HYBRID EVENT: You can participate in person at Baltimore, Maryland, USA or Virtually from your home or work.

10th Edition of International Conference on Neurology and Brain Disorders

October 21-23, 2024

October 21 -23, 2024 | Baltimore, Maryland, USA
INBC 2024

Mark Knights

Speaker at Brain Disorders Conference - Mark Knights
Great Western Hospital, United Kingdom
Title : Characteristic features of stem cells in glioblastomas: From cellular biology to genetics


Glioblastoma’s are the most common type of primary brain tumour in adults and are the most lethal and least successfully treated solid tumours. Recently, research into the area of stem cells in brain tumour development has gained moment. However, due to the relatively new and novel hypothesis that a subpopulation of cancer cells in each malignancy has the potential for tumour initiation and repopulation the data in this area of this research is still in its infancy.

This review presentation is aimed at attempting to bring together research in this field carried out so far in order to build an understanding of glioblastoma stem cells. This is important for two mains reasons. Firstly, interest in this area of oncology has increased dramatically in recent years. This is evident from the amount of research being produced and published on this topic. A simple keyword search of ‘glioblastoma stem cells’ in ScienceDirect produced over 27,000 results. Secondly, as previously mentioned glioblastomas are the most common type of primary brain tumour and one of the most lethal solid tumours but least successfully treated solid tumours with a median survival time of only 12 months. Compared with the advances in the treatment of other types of tumours, the poor prognosis for glioblastoma patients has improved minimally over decades, underscoring the challenges and difficulties in effectively treating these fatal cancers.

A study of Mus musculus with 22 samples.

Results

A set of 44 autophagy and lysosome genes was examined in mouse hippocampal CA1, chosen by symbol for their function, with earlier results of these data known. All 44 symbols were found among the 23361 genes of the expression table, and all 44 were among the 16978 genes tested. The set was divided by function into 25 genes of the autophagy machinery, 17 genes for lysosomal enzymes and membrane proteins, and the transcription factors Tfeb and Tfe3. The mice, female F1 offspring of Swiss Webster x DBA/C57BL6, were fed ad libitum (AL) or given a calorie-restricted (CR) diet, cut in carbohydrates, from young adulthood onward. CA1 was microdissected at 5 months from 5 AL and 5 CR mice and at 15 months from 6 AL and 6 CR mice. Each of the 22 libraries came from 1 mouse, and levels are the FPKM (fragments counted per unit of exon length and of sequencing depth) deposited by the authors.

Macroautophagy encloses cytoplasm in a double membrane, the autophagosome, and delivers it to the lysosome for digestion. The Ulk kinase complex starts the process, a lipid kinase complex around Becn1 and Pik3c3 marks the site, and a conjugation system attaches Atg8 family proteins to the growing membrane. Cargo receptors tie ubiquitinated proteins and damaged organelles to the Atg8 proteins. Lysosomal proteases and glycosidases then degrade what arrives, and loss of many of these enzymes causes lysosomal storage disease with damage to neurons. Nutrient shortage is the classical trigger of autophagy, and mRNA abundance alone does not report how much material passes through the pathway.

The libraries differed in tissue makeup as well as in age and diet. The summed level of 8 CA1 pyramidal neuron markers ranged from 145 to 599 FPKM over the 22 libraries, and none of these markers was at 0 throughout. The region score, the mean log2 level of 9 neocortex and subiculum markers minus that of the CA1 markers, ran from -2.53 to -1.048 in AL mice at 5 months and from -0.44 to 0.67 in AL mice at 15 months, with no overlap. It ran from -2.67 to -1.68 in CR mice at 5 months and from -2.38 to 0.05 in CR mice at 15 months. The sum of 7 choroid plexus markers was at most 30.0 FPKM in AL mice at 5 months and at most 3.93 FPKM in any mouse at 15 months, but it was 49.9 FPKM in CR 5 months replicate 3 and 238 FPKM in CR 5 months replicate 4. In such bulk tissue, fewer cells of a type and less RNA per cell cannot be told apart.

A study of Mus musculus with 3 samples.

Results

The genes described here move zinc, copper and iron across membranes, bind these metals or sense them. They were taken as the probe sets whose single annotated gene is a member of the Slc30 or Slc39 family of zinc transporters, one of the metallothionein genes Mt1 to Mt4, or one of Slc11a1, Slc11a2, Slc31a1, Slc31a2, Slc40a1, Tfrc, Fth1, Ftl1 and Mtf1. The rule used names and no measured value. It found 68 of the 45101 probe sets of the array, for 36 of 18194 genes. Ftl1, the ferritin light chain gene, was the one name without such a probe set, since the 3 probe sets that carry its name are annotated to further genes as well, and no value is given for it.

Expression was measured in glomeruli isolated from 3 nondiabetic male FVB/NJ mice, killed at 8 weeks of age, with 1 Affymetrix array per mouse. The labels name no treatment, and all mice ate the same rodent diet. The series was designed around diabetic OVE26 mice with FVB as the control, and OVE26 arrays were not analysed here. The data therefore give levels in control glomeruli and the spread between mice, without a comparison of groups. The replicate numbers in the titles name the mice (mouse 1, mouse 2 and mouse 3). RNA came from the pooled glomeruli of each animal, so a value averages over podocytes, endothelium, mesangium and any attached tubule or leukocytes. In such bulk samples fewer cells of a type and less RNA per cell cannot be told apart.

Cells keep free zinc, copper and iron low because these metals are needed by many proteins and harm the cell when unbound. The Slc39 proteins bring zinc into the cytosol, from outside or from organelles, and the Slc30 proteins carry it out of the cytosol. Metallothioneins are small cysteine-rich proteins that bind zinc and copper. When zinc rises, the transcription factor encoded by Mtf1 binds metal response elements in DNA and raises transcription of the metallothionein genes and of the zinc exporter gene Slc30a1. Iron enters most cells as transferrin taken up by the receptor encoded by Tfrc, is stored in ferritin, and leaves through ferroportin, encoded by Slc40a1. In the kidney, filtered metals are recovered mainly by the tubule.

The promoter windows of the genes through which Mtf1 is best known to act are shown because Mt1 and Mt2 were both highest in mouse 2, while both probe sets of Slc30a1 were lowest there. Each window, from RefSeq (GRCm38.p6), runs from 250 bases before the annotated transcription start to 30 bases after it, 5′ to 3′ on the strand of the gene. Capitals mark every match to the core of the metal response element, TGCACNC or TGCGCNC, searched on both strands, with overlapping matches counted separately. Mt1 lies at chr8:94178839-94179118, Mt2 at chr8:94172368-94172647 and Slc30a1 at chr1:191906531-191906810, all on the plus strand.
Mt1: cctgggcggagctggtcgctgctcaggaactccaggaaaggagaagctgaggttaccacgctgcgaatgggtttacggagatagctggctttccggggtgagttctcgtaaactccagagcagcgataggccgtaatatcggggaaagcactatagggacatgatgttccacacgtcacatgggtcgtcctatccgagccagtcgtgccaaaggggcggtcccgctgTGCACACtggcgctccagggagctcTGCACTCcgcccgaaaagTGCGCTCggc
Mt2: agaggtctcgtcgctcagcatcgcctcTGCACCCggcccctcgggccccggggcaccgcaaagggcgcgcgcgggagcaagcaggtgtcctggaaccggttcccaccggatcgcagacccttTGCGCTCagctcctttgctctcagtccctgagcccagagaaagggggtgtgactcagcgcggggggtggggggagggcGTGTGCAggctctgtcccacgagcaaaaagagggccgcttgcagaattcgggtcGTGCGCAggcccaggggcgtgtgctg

Initially, we consider glioblastoma stem cells at a morphological and cellular level including that neuronal stem cells differ according to the region of the brain in which they are located and therefore depending on the where a glioblastoma originates means glioblastoma stem cells may have specific mutations unique to the location of origin. Important cell markers for these stem cells are also discussed including CD133, SOX-2, CXCR4, and L1CAM. Being able to identify reliable and specific markers for glioblastomas has obvious benefit in both providing opportunities for tagging these cells so that the microscopic tumour burden can be located and providing targets for pharmaceutical therapies. The presentation also covers signalling pathways and genetic mutations which are involved in the development of glioblastomas stem cells. Understanding these changes leads to greater insight into how normal stem cells develop into carcinogenic cells and what changes are required in order for this process to occur.


Dr Mark Knights studied medicine at the University of Leeds in the United Kingdom and graduated with honors in 2014. During this time, he also undertook an internship in the Tissue Engineering Department at the School of Molecular and Cellular Biology also at the University of Leeds. He has published a number of times on Glioblastoma stem cells including a book chapter in the Stem Cell and Cancer Stem Cell book series edited by Prof Hayat.